Risk Management Articles

Court Dismisses Claim for Negligent Firefighting


On May 5, 2014, a fire broke out at greenhouse facilities operated by Peace River Greenhouses Ltd. (“Peace River”). The volunteer fire department of the District of Taylor (the “District”) attended but was unable to extinguish the flames. The fire spread and substantially destroyed 11 greenhouses and other buildings on the property.

Pre-Trial Issues

Peace River commenced a lawsuit against the District, alleging negligence in the assessment of the fire and the techniques used to attempt to extinguish it.

The District was represented by Scott Twining and Lindsay Nilsson of Twining, Short & Haakonson, Barristers, one of the MIABC’s external law firms. They moved quickly to set a trial date and ready their defence for trial. They served an expert report, which stated that the District’s firefighting techniques were consistent with the standard practices of a volunteer fire department in the circumstances.

Despite receiving a number of extensions, Peace River failed to deliver its own expert report before the trial.

Evidence at Trial

At the opening of trial, Peace River sought to have an expert report admitted into evidence. This request was denied. The report was both late and deficient in several ways.

At trial, Peace River called three witnesses who described their observation of the fire. However, all three observed the fire from a distance and were unable to provide detail of the fire’s progress or the actions of the firefighters.

No Evidence Motion

After Peace River called all of its witnesses, the District brought a “no evidence motion”. On such a motion, the defendant asks the judge to find that the plaintiff has presented no evidence on an essential aspect of the case and, therefore, the entire lawsuit can be dismissed before the defendant has called any evidence.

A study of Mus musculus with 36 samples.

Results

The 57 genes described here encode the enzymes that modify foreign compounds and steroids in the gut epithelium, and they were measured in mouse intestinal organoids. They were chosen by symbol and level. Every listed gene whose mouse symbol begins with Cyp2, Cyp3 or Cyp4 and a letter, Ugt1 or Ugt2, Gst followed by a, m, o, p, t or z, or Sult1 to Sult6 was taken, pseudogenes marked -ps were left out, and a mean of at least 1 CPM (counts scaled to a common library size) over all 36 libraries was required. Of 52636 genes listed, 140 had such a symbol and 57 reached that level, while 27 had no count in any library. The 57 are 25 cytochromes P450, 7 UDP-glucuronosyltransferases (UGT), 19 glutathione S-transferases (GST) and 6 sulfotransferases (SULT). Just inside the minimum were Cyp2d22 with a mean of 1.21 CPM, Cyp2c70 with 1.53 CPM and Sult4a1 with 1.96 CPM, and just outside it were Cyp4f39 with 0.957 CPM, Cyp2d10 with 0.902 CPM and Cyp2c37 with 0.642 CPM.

The District’s lawyers argued that the no evidence motion was appropriate because Peace River had presented no expert evidence on the applicable standard of care of a volunteer fire department in a remote community.

The trial judge agreed with the District that the plaintiff should have provided expert evidence on the standard of care. Questions such as the classification of the fire and the appropriate steps for extinguishing the fire were technical issues that required specialized expertise.

For example, there were allegations that the firefighters made the wrong decisions regarding water supply and were negligent in failing to enter the greenhouse buildings. There was no way for the judge to assess these allegations without evidence as to what a reasonable volunteer firefighting department would have done. The judge would have also required evidence about the resources available to similar fire departments.

As a result, the judge dismissed the action and awarded costs to the District, writing: “Just because the defendant’s fire department did not extinguish the fire does not mean the defendant was guilty of negligence.”

Final Thoughts

This case underscores the importance of proper preparation for trial. In cases that involve technical issues, expert reports are often necessary.